Eagle Correspondent

On the silver screen at PS21’s bucolic open-sided pavilion theater on Aug. 11, the 1930 Ukrainian silent film “Earth” by Oleksandr Dovzhenko will show peasants farming amid scenes of extraordinary natural beauty from a long-forgotten, utopian world. Accompanying these images in elaborate folk costumes complete with tall black lambskin hats, the four musicians and singers of Ukrainian band DakhaBrakha will form harmonies evoking a distant time and place, steeped in the ethnic and regional roots of their beleaguered country.

Kriyol Dance! Collective (KDC) explores passages on a more earthly plane through the adversity of human migration, and the enduring, generational impact this has on minds and bodies at the Williams College Museum of Art. These two worlds speak to each other on Aug. 4 when Brooklyn, N.Y.-based KDC presents a 45-minute new work “Rasin San Bout” (Endless Roots) at the museum, followed by a talk back and patio reception.

Growing up in New Zealand, Black Grace dance company founder Neil Ieremia looked to his Samoan roots for creative inspiration. New Orleans native Michelle N. Gibson fled the devastation of Hurricane Katrina with a newborn baby and built a new life in Texas. This coming week, they both share their rich cultural heritage through dance at Jacob’s Pillow.

“It’s very simple,” said Jeffrey Lependorf, FCF’s executive director. “We take clips of films, remove dialogue and sound, and then neo-benshi artists create new dialogue. They might lip-synch it, do a voiceover, or something poetic totally contrary to the actions. But they can’t hep but talk to one another. They’re fully visible standing in front of the screen. It’s not improvised, it takes a lot of practice.”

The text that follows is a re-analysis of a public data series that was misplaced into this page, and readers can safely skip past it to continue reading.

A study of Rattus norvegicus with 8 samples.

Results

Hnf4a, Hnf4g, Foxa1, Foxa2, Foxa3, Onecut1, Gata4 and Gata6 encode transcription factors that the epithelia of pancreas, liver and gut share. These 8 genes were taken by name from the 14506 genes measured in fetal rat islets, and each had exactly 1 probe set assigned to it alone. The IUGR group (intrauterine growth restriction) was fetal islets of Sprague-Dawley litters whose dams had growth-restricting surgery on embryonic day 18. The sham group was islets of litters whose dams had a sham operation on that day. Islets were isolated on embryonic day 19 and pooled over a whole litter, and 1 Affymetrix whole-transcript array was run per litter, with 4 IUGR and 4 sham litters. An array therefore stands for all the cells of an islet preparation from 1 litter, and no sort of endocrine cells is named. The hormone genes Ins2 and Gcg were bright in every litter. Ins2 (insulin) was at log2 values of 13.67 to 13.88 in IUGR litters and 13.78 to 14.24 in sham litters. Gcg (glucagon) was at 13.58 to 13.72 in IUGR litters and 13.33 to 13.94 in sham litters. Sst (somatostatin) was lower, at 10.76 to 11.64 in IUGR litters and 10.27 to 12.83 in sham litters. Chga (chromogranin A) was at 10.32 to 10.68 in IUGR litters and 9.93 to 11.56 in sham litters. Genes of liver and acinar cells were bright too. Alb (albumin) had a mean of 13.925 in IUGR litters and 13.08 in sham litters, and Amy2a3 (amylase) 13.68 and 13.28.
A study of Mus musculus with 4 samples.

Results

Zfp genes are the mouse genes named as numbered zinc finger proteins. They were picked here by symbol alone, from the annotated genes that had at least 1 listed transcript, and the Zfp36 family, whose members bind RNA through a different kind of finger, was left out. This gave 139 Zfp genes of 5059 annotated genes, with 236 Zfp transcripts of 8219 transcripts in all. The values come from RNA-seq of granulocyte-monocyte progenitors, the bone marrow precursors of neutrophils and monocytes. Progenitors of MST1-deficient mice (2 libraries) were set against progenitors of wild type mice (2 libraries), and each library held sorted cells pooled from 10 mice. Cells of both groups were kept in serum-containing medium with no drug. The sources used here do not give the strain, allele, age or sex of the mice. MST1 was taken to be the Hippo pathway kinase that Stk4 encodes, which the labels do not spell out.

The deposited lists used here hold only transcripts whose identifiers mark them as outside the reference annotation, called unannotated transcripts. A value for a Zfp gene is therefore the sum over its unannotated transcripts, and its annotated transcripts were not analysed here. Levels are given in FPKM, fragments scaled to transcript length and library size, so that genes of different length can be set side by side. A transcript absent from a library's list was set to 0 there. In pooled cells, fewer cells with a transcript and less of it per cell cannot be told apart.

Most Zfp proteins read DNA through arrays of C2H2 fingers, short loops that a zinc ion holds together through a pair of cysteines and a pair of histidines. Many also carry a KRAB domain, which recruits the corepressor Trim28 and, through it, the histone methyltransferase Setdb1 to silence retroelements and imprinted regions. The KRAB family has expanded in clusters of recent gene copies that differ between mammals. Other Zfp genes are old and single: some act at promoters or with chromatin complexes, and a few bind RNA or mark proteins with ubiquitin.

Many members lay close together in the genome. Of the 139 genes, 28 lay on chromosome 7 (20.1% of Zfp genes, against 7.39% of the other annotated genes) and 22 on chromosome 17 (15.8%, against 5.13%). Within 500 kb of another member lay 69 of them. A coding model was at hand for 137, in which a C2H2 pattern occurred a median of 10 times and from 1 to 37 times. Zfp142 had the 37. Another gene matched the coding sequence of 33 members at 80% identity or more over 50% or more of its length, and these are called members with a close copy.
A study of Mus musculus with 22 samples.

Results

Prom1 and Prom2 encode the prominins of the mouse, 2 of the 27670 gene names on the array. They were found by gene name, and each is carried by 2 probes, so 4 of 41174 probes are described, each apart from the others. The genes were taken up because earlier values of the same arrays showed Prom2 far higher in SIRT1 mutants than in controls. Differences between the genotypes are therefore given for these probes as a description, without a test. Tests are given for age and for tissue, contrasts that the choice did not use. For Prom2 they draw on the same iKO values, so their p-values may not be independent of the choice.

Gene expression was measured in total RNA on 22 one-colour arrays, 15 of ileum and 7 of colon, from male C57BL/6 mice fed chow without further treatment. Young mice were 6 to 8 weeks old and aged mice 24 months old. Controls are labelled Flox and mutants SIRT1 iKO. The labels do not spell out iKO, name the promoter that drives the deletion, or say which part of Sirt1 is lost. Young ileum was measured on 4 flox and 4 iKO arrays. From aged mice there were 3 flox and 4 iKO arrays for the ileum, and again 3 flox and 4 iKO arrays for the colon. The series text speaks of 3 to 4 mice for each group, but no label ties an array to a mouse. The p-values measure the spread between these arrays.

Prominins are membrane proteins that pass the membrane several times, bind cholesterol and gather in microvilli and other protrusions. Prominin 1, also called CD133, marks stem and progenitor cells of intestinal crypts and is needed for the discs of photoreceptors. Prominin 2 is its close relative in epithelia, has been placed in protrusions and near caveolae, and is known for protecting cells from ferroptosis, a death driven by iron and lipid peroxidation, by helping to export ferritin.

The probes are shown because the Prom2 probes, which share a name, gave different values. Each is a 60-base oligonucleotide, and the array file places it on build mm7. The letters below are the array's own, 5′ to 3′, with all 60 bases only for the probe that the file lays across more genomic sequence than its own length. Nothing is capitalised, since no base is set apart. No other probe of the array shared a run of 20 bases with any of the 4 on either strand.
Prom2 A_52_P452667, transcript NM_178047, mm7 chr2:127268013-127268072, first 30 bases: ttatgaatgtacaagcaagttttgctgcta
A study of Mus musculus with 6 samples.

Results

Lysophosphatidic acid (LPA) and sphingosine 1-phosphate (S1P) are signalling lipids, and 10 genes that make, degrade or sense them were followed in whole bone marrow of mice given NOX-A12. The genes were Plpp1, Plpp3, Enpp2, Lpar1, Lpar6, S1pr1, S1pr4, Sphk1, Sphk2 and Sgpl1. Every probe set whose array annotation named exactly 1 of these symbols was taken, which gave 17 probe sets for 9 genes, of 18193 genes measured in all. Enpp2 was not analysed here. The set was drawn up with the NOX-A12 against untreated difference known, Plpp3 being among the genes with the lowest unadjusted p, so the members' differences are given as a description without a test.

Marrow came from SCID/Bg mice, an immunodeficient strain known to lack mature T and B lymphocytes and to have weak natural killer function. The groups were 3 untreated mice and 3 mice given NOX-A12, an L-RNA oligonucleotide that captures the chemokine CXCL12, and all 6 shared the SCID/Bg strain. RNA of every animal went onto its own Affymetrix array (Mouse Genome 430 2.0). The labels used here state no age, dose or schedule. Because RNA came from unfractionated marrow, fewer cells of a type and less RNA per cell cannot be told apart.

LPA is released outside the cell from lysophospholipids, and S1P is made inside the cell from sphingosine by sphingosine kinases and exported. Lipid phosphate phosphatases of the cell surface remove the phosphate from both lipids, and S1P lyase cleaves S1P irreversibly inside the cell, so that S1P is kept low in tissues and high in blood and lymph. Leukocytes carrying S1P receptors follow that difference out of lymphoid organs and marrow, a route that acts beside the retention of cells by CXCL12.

Benny and Gil are two midlife strangers who meet at a funeral and learn the ties of blood run deep. As the bond between them grows, their journey of discovery leads them to connect and confront challenges, as they explore the relationships in their lives and with each other, amid a musical soundtrack of the times. “Hymn,” directed by Regge Life in Shakespeare & Company’s Elayne P. Bernstein Theater, can be seen July 24 through Aug. 28.

In Barrington Stage's production of "Anna in the Tropics," it's 1929 and Juan Julian Rios is a lector, hired to read aloud in clear, expressive tones to workers in a hand-rolled cigar factory in Tampa’s Ybor City. The book he has chosen to begin with is “Anna Karenina,” Tolstoy’s weighty tale of marriage, desire and betrayal. This choice will affect the lives of those around him in ways no one can imagine.